For more than a month NC State Police Department Maj. Ian Kendrick and his roommate at the FBI campus in Quantico, Virginia, had a great time participating in and bonding over their rugged 10-week course of study at the FBI National Academy.
His roommate, Alex, was one of several international students at the four-times-a-year intensive training program for public safety managers, which includes a functional physical training component and five other specified training classes designed to improve law enforcement through information and idea sharing, creativity and collaboration and the advancement of the profession through proactive improvement.
Kendrick, a 16-year veteran of the university’s Police Department, enjoyed learning from his roommate’s culture, even if there were language and cultural barriers they needed to overcome to enjoy their long talks into the night.
Then on Feb. 24 — the day Russian forces invaded Ukraine in an aggressive attack on global security — things changed dramatically. Kendrick could see it in his roommate’s eyes and hear it in his frantic voice during difficult calls back home.
Alex, you see, is from Kyiv, Ukraine’s capital city.
For the remainder of their training program, Kendrick and the other 260 police and security officers from around the world enrolled in the program watched as Alex worried over his family, his colleagues, his country.
“There was definitely a change,” Kendrick says. “I could see the stress and hear the stress in his voice. It was interesting to watch an individual go from this outgoing, happy individual with not much on him other than the academic work we were doing to being someone thousands of miles away from his immediate and extended family.
“The experience galvanized us as friends and made an impact on the entire class.”
Bringing People Together
And, at its foundation, that’s the goal of the National Academy, which has conducted nearly 300 sessions since its inception in 1935, giving thousands of enforcement officers educational tools to improve the communities they serve.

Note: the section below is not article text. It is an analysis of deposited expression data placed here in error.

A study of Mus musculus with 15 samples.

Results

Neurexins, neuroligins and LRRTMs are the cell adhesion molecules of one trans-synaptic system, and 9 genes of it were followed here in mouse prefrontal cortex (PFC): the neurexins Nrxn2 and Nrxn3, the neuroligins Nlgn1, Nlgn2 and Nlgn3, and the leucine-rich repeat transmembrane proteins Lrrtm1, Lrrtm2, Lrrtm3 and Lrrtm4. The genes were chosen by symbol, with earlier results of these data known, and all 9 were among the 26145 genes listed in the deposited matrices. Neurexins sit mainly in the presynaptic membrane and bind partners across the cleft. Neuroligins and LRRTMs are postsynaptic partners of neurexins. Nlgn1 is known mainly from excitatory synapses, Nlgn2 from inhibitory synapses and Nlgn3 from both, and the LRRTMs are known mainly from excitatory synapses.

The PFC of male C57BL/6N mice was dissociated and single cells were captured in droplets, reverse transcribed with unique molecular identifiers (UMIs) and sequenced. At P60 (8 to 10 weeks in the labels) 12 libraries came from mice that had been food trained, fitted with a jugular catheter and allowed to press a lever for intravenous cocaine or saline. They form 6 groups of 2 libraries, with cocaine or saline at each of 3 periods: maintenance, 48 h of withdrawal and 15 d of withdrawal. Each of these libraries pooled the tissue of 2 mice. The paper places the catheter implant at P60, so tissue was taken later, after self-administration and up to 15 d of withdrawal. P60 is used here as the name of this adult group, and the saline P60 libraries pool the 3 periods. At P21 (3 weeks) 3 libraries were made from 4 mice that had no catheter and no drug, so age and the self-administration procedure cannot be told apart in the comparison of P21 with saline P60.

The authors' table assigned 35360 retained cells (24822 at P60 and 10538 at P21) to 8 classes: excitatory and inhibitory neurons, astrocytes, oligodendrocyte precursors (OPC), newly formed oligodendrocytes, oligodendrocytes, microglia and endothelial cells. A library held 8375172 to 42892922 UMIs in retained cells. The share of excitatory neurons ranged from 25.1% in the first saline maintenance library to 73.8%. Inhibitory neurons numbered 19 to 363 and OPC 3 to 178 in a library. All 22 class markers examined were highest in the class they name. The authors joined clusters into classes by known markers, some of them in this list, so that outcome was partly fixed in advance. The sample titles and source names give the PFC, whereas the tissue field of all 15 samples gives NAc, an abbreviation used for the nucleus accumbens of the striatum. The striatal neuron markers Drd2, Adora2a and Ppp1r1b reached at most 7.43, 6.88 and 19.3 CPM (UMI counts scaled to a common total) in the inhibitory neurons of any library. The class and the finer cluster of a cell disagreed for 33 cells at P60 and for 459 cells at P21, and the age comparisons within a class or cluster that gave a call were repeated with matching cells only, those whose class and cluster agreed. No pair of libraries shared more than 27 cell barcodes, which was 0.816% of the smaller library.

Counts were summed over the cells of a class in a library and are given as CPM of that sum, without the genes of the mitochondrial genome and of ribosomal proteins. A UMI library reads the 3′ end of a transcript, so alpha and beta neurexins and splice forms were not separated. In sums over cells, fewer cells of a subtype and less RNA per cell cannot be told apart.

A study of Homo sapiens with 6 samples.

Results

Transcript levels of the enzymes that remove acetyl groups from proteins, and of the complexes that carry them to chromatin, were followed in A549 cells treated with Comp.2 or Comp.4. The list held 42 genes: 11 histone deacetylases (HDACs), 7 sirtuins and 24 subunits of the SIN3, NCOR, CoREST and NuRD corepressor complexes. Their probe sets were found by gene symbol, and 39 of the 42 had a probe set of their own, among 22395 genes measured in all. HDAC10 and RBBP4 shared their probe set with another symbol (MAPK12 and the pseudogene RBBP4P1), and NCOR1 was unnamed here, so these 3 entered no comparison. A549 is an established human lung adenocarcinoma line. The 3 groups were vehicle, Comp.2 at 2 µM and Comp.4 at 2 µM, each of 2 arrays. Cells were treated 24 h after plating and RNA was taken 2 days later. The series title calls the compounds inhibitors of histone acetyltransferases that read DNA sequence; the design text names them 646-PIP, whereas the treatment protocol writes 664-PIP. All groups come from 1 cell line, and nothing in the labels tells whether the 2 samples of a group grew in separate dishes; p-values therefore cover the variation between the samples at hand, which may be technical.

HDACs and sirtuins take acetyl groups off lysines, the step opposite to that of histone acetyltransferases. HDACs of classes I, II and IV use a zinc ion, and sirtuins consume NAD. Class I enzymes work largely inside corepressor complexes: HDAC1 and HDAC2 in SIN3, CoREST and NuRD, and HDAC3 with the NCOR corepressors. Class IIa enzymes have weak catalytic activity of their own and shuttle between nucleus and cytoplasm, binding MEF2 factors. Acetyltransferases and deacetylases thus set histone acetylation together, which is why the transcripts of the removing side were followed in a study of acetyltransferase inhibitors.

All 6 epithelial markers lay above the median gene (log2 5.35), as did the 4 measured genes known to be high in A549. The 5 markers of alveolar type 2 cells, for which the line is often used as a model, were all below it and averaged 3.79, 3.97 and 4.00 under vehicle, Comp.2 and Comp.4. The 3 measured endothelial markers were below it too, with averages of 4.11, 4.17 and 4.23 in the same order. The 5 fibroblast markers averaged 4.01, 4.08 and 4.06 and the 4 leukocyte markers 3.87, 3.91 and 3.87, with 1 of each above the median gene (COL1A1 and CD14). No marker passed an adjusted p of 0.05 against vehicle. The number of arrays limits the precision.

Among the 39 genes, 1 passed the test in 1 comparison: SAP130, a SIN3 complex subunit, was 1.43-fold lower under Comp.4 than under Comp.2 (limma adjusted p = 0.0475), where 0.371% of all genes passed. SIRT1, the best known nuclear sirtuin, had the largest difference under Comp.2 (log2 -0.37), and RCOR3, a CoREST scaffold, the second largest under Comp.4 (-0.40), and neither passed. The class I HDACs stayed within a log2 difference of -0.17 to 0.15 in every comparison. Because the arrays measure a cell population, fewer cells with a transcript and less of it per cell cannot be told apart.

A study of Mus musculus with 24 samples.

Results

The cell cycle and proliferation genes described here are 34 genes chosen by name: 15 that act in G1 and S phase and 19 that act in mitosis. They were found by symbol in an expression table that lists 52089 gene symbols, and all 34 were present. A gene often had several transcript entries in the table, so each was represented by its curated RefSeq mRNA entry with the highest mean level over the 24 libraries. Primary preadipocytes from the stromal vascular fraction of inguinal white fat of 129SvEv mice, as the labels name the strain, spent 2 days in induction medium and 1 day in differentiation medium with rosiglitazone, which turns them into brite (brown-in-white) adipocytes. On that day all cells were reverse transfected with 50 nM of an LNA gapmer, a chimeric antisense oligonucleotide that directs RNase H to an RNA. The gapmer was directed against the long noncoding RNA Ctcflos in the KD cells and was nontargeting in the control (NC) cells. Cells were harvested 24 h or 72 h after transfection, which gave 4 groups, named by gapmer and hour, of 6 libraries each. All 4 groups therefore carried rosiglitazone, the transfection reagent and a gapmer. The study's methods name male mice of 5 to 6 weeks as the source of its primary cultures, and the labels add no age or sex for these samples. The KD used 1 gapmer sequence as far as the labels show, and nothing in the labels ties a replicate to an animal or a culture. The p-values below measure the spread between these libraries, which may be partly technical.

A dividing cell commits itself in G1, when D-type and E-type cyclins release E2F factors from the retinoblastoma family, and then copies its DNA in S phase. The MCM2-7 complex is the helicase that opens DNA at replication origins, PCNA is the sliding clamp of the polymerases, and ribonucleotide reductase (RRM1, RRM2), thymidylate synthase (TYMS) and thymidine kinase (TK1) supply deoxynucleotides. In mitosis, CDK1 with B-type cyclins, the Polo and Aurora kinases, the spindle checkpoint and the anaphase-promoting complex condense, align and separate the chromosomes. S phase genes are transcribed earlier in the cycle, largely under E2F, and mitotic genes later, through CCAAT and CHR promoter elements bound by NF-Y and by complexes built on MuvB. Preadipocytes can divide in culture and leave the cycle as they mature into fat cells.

“It’s designed to bring people together, to share ideas, build friendships that we can carry through the rest of our careers and the rest of our lives,” Kendrick says. “With what Alex was going through, it brought us all together that much quicker. We rallied behind him to support him in what he was going through.”
Not surprisingly, the other members of the class ran towards the fire for their new friend. At the end of the 10-week class, they loaded him down with surplus protective gear and other needed equipment they could send with him as he scrambled to get back to his war-scarred hometown immediately after their March 17 graduation from the program.
“It was just basic equipment people were intending to surplus, stuff we don’t have any problem getting here,” Kendrick says. “So our class was pulling stuff out of the back of our cars and handing it to him and saying, ‘This is for your guys.’
“I can’t tell you how many times we were in our room at night after class and people were stopping by and, and saying, ‘Hey man, what do you need? What does your family need? What do your friends need? Is there anything we can send over to them?’”
Kendrick, 47, believes the relationship he and his classmates developed with Alex enhanced what always has been a once-in-a-lifetime experience for the enforcement officers who go through the highly selective process to attend the training academy for which only about 1% of law enforcement officers around the world qualify.
Building Better Communities
He is also sure that his experience —which included core classes in leadership and physical training and four elective course — will benefit the relationships he has built during his two decades on NC State’s campus.
In addition to classes on constitutional law, national and international terrorism and emerging technologies, Kendrick took an elective course on breaking barriers and building better relationships within communities.
“That was easily the most important part of the program for me,” says Kendrick, who joined the university police in 2006 after more than eight years at the Rocky Mount Police Department. “For what I do and the environment where I work that was bar-none the best thing I did while I was there.”
His goal now is to make sure his extensive notes and the relationships he built with classmates and professors create a lasting positive effect for the NC State community, where since his return in March he was promoted to administrative division commander, overseeing a variety of important services, such as professional standards, Clery Act compliance, the emergency communications center, records and the motor fleet, among other duties.
“Everybody I talked to before I went said this program would be the greatest experience of my career,” Kendrick says. “I was skeptical about that, but I can now honestly say that it’s true because of the things I saw, the things I did and the people I met.
“It was the single greatest experience of my law enforcement career. Now the burden is on me to take what I have learned and translate that into the real world here at NC State and not let any of it go to waste.”
Kendrick hears from Alex from time to time, using an international communications app they share. He and his family are doing well as Kyiv attempts to get back to normal as Russian forces have withdrawn and concentrated their attacks on other areas of Ukraine.
“He is safe, and his family is safe,” Kendrick says. “It’s comforting to know that he made it back home — even though it wasn’t the same home he left.”